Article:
Our freezer reviews are based on some of the most in-depth tests, providing information about the efficiency of each model and how well appliances are able to maintain temperatures. Yet, for all of our testing prowess, there are always questions about how a freezer can be used and which food items it will serve best. One of the main questions is, can you freeze cheese?

Related: Best fridge freezers

The short answer? Yes, you can freeze any cheese and it will remain safe to eat. If this is the case, then why don’t you find instructions for freezing and thawing on the packaging? The answer is all in the ice.

All cheese contains lots of protein, fat and water – cheddar is roughly a quarter protein, and a third each of water and fat. Like the milk from which it’s made, cheese is an emulsion: it’s made up of tiny fat droplets and milk proteins, suspended evenly throughout a watery solution of other ingredients.

The dairy fat in cheese is technically already frozen at room temperature, so put cheese in the freezer and not much changes. But as the water freezes, it forms crystals, expanding into the spaces occupied by fats and protein. At the same time, salts and other dissolved ingredients can be forced out of the ice into more concentrated droplets or crystals.

While none of this is dangerous, it can ruin the structure of the cheese; in some cheeses it can even cause the fats and water to separate. Hard cheeses may become more crumbly and feel different in the mouth, while some soft cheeses – in particular those that are lower in fat and higher in water – can turn runny; an unappetising savoury ectoplasm.

To see this for ourselves, we bought a representative selection of cheeses, cut or scooped part of each one, froze and defrosted said part, then compared it to the refrigerated section.

Our cheeseboard, with frozen cheeses to the left of their fresh counterparts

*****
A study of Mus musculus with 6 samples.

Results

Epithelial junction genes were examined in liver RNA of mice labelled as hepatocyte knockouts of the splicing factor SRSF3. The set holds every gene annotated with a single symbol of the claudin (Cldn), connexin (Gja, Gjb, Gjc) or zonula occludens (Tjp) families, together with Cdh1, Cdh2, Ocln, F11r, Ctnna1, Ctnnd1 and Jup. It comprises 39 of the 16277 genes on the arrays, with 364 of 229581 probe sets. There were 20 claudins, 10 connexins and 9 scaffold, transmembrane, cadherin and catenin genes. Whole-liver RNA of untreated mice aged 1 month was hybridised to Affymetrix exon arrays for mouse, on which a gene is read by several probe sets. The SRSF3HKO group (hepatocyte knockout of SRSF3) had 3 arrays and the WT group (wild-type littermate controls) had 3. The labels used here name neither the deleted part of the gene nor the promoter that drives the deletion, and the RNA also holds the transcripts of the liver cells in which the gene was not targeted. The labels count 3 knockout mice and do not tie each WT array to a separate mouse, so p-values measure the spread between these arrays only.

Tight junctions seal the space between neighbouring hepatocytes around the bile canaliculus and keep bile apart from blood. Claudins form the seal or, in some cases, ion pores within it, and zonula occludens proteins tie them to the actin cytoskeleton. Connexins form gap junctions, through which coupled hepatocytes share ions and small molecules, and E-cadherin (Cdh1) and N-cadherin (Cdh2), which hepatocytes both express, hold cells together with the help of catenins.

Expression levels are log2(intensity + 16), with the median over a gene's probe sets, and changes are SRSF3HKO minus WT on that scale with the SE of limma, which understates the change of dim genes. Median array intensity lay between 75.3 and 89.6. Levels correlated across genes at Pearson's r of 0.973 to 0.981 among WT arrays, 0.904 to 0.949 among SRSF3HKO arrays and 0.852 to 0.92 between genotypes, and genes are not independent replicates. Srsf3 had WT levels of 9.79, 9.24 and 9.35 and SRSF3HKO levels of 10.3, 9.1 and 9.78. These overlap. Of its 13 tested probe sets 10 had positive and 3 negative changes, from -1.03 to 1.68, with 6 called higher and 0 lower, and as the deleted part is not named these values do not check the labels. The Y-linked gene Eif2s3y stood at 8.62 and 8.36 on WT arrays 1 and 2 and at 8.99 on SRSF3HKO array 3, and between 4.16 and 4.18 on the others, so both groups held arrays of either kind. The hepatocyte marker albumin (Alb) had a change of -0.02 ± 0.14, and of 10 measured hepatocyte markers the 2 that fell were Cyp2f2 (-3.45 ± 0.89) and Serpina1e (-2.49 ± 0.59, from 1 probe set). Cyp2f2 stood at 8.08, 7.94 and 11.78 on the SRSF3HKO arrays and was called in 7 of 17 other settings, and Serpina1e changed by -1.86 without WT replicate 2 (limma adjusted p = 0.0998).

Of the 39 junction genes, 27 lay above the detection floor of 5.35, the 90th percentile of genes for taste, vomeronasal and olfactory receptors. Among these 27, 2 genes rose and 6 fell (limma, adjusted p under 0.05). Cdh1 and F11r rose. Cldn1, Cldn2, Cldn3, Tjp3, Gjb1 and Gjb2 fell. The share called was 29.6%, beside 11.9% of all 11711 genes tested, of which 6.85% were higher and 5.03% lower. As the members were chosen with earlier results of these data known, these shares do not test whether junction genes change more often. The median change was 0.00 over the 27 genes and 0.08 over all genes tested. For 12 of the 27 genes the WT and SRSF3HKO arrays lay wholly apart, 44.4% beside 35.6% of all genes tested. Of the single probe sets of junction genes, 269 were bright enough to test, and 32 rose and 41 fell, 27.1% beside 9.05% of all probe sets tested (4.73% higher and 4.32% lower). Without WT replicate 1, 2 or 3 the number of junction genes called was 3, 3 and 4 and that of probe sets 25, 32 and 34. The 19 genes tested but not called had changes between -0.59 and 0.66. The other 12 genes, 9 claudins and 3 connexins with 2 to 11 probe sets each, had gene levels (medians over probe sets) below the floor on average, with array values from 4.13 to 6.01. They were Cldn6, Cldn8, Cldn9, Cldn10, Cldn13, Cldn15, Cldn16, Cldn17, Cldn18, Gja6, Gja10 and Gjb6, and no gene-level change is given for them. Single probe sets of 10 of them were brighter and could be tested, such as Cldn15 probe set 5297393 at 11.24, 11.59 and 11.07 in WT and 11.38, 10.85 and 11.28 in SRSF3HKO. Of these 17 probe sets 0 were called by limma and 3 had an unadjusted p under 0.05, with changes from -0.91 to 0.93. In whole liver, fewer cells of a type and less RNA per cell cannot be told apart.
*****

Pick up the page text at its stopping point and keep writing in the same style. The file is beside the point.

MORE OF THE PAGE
We found that Boursin seemed completely unchanged. Mature cheddar looked, tasted and smelled identical, but it became slightly more crumbly in the mouth – although we probably wouldn’t have noticed had we not had the original to compare it to.

Two blocks of Boursin cheese. One previously frozen, one fresh. We couldn't tell the difference

Two blocks of Cheddar. One previously frozen, one fresh. We could barely tell the difference

Brie looked worse, with the rind having darkened and seemingly become thinner; however it felt, tasted and smelled unchanged. We still happily finished it all. As for the Philadelphia soft cheese – we weren’t sure whether to burn it or have it exorcised.

Two blocks of brie, one previously frozen, one fresh. The rind on the frozen one is darker and looks patchy.

Many types of cheese get their distinctive taste, character or ripening behaviour from being “live”– cheese is basically teeming with bacteria or mould. Freezing is unlikely to kill either – so, in theory, a defrosted live cheese such as brie should continue to ripen. As such, pregnant women and anyone else at risk from live or unpasteurised cheeses should note that freezing and defrosting them will not make them safe to eat. If you want to eat a soft cheese, the advice is to cook it until it’s steaming hot throughout.

Can you freeze cheese?

So, can you freeze cheese? The answer is a qualified “yes”. It’s fine for most hard cheeses, particularly if you’re planning to cook with the result. Freezing is a great way to keep grated parmesan for longer, and it won’t spoil the topping on a pizza or lasagne. We wouldn’t do it if you’re planning to use it on a cheeseboard, though.

Freezing soft cheese is less reliable. Our results suggest it could be fine, or may result in cosmetic changes. However, our Philadelphia experiment shows that the results could just be plain unpleasant.

What remains of Philadelphia after freezing and thawing. Very unappetising

Still, for the right cheeses, freezing can be a good way to prolong their life and thus avoid wasting food.